It is becoming more expensive and complex for companies to operate globally, and firms need better access to money to keep their businesses afloat.
Inflation remains high and persistent worldwide, with a deeper impact on regions like Latin America and the Caribbean (LAC). Against this economic backdrop, businesses face a key challenge of optimizing their working capital and tackling high inflation. To do so, corporates from the LAC region showcase non-conventional approaches to support their planned business needs or growth initiatives that might influence more mature markets.
“2023-24 Growth Corporates Working Capital Index,” a report created in a PYMNTS Intelligence-Visa collaboration, examines the business conditions and working capital requirements of growth corporates across five industry segments and five global regions.
By growth corporates, the report refers to middle-market businesses generating between $50 million and $1 billion in annual revenue.
According to the study, 84% of growth corporates in the LAC region used working capital solutions last year, more than any other region worldwide. Additionally, only 4% could not utilize any working capital solution even if needed, compared to the global average of 8%. This highlights that the region offers a dynamic access to working capital, outperforming more mature economies like North America or the EU.
In the balance between strategic and tactical approaches, around half of the working capital solutions adopted by companies from LAC region were allocated to boost planned business growth, making it the region that most employed this strategy. They do this by carrying out planned investments, buying inventory, or replacing legacy systems, and they plan to keep doing it. The number of CFOs intending to use working capital solutions to foster growth next year is 20% higher than the present year.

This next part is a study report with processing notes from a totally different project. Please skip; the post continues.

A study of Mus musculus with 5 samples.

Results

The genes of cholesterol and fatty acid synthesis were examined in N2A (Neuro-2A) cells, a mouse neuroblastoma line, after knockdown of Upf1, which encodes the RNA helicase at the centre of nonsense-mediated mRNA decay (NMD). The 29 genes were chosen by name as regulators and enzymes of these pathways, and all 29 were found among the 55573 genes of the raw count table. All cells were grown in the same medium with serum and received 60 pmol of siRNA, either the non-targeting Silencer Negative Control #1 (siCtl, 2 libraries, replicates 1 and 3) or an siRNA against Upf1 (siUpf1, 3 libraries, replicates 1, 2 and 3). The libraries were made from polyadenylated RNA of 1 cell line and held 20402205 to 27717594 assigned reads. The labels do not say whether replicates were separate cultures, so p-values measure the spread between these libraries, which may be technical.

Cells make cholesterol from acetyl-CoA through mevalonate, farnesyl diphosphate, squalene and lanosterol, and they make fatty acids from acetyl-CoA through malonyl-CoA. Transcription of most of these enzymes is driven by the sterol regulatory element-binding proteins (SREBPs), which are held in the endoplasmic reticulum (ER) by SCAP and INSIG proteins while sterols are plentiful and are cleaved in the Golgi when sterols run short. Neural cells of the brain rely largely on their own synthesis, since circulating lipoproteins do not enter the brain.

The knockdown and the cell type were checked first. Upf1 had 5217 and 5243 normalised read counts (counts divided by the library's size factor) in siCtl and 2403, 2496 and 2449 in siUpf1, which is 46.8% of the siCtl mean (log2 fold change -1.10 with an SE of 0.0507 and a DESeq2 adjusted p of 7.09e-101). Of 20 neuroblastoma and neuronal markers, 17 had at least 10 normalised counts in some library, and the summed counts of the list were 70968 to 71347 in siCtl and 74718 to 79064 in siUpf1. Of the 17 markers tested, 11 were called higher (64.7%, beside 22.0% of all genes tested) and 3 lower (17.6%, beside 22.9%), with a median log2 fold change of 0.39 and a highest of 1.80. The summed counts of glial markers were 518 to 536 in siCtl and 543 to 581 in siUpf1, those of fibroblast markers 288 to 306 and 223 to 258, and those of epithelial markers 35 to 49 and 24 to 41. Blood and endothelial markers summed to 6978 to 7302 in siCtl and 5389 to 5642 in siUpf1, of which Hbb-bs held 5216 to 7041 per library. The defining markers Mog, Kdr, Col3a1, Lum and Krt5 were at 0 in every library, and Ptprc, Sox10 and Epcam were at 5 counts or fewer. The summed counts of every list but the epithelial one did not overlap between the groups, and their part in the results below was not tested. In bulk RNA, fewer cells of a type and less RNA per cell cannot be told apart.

Conversely, corporate growth businesses in the LAC region used working capital to cover emergencies more intensively than any other, at 30%, meaning using these assets to cover unplanned shortfalls and urgent situations that led to cash flow shortages.
It’s also worth noting that, along with working capital loans, LAC leads the adoption of other less conventional solutions, such as third-party revolving credit facilities, virtual cards or invoice financing, which are versatile enough to serve both strategic and tactical use cases.
Third-party revolving credit facility solutions are used primarily for emergencies, while invoice financing is popular among CFOs who want to accelerate payment to strategic suppliers (unplanned growth). Virtual credit cards are the most popular for firms planning to fund growth initiatives.
LAC leads the global regions in the adoption of these solutions, balancing a minor use of working capital loans compared to other geographies.
The use and diversity of working capital solutions reflect the business maturity and versatility of an economy.
In the case of LAC, we observe a robust and innovative region when it comes to working capital availability, which can be found in the adoption of a diversity of solutions, including less conventional working capital alternatives.
Moreover, this trend seems set to continue, as CFO responses indicate continued use of most of these solutions next year.